Inuvik teacher honoured with national award for providing 'ultimate Canadian experience'

Inuvik East Three School teacher Denise Lipscombe has been awarded the Experiences Canada History Award for a French exchange program she organized with a school in Quebec City.

Inuvik East Three School teacher Denise Lipscombe honoured in Ottawa for work with school exchange program

Julie Payette, right, Governor General of Canada, presents the Experiences Canada Award to Inuvik teacher Denise Lipscombe in Ottawa on Nov. 22, 2017. (MCpl Vincent Carbonneau, Rideau Hall, OSGG)

Canada's governor general awarded Inuvik East Three School teacher Denise Lipscombe with the Experiences Canada History Award on Wednesday, a first for an N.W.T. teacher.

Lipscombe received the award for a French exchange program she organized with a school in Quebec City last spring.

When Lipscombe applied to Experiences Canada for funding for the exchange she had no idea she could be winning an award a year later.

"I was completely shocked. It came right out of the blue, I didn't even know this existed," Lipscombe said.

The French teacher was presented with the award in Ottawa by Gov. Gen. Julie Payette during the Governor General's History Awards.

According to a press release from Canada's History Society, the ceremony honours students, organizations and teachers who have shown initiative in projects for promoting "exploration of Canada's history."

First time award won by N.W.T. teacher

Although this is the second time that Lipscombe has done this exchange with the school, it's the first time that a teacher from the North has won this award, according to Deborah Morrison, Experiences Canada president.

Denise Lipscombe, left, a French immersion teacher at East Three Seoncdary School in Inuvik, will be presented with an award for her part in a French exchange program. (Mackenzie Scott/CBC)

While students visited Inuvik, they stayed with host families and got traditional northern experiences, including driving the ice road to Tuktoyaktuk, climbing the pingos, preparing traditional northern food and dog sledding.

"I think when kids think about travelling, they think about going to the museums and doing the big activities in the city," said Lipscombe.

"And up here we've got a lot of activities that they don't really consider. We have so many unique resources and activities."

Experiences Canada provides funding for exchanges involving about 5,000 youth every year. Morrison said the organization was impressed with the various activities the youth participated in during their stay in Inuvik.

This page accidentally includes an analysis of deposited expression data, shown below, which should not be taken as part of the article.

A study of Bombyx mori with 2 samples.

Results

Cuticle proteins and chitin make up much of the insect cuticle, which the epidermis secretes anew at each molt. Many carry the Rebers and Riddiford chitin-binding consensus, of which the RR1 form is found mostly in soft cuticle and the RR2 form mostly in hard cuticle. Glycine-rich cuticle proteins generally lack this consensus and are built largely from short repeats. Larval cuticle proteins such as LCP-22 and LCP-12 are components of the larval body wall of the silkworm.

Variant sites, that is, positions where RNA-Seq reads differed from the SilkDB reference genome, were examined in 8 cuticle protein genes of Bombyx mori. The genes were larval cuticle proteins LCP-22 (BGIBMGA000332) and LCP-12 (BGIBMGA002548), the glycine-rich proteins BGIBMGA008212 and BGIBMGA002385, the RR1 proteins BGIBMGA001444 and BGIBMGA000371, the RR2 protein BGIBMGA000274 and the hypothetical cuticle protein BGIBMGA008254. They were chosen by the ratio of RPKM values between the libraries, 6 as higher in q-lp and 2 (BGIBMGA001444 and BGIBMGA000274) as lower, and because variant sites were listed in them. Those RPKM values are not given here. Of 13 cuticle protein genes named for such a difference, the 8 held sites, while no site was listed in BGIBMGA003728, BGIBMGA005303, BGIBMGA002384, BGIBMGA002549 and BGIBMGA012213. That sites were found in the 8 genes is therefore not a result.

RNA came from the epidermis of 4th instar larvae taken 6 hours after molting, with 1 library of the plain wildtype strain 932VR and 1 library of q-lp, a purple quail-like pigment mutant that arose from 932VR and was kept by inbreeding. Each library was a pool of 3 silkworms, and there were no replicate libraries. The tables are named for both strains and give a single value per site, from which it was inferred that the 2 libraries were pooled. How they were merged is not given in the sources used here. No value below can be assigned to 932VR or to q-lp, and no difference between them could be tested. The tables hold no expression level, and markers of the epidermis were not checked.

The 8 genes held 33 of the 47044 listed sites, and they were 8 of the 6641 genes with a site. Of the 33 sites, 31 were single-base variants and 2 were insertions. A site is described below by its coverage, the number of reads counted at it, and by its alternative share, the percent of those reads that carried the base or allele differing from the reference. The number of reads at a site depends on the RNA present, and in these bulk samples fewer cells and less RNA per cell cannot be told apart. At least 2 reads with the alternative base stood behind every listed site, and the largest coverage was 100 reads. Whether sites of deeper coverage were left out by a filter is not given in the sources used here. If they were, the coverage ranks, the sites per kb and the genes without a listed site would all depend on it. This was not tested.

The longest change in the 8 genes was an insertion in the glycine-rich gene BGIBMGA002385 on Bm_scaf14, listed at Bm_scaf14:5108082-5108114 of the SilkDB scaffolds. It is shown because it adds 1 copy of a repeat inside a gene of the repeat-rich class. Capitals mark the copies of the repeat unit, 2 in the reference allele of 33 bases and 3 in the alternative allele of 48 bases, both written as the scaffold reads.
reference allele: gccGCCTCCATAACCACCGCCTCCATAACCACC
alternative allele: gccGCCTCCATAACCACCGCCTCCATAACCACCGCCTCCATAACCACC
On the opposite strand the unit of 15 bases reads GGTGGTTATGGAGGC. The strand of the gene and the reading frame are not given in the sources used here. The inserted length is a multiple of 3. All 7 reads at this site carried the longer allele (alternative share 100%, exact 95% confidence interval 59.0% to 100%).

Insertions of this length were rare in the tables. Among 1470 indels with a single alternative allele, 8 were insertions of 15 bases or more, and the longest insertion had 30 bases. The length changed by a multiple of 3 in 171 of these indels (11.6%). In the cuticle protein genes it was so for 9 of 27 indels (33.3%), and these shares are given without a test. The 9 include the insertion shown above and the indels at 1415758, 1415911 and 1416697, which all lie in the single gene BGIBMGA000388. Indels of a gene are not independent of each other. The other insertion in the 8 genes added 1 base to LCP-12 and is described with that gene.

Exhange students from Quebec and local Inuvik students spell out the word 'Tuk' on a pingo in Tuktoyaktuk. (Submitted by Denise Lipscombe)

'Experience of a lifetime'

"It wasn't just about history that you would learn in a textbook, it was about culture that was part of everyday life in Inuvik and also getting the youth out on the land, we thought was also an extraordinary component," said Morrison.

Morrison said the Quebec youth had an "experience of a lifetime" — maybe even "the ultimate Canadian experience" — thanks to the variety of different cultures and languages the students were exposed to.

It was a learning experience for students who participated in Inuvik as well, both when they visited Quebec and while hosting their partners.

Quebec exchange students gather with exchange students in Inuvik at the visitors information centre. (Submitted by Denise Lipscombe)

"I haven't done anything like this, especially living up here. It was really cool to have someone staying in my house and meeting new people," said Mataya Gillis, a Grade 9 student who participated in the exchange.

Some students like Isobel Jellema said there were a few experiences, like dog sledding, that many of the Inuvik students had never had.

Jellema was to be in Ottawa with Lipscombe representing East Three School, and says the students are very proud to see their teacher and school being honoured.

Lipscombe says that seeing the students reactions throughout the exchange was the real award.

Although Lipscombe is the named recipient of the award, she says she isn't the only one who should be getting praise.

"It really is for the whole community," she said. "I can coordinate and bring all the pieces together but it is because I have these pieces that I can help make it happen."

Along with the medal Lipscombe received on Wednesday, Experiences Canada will provide a gift voucher of about $2,000 for a future exchange.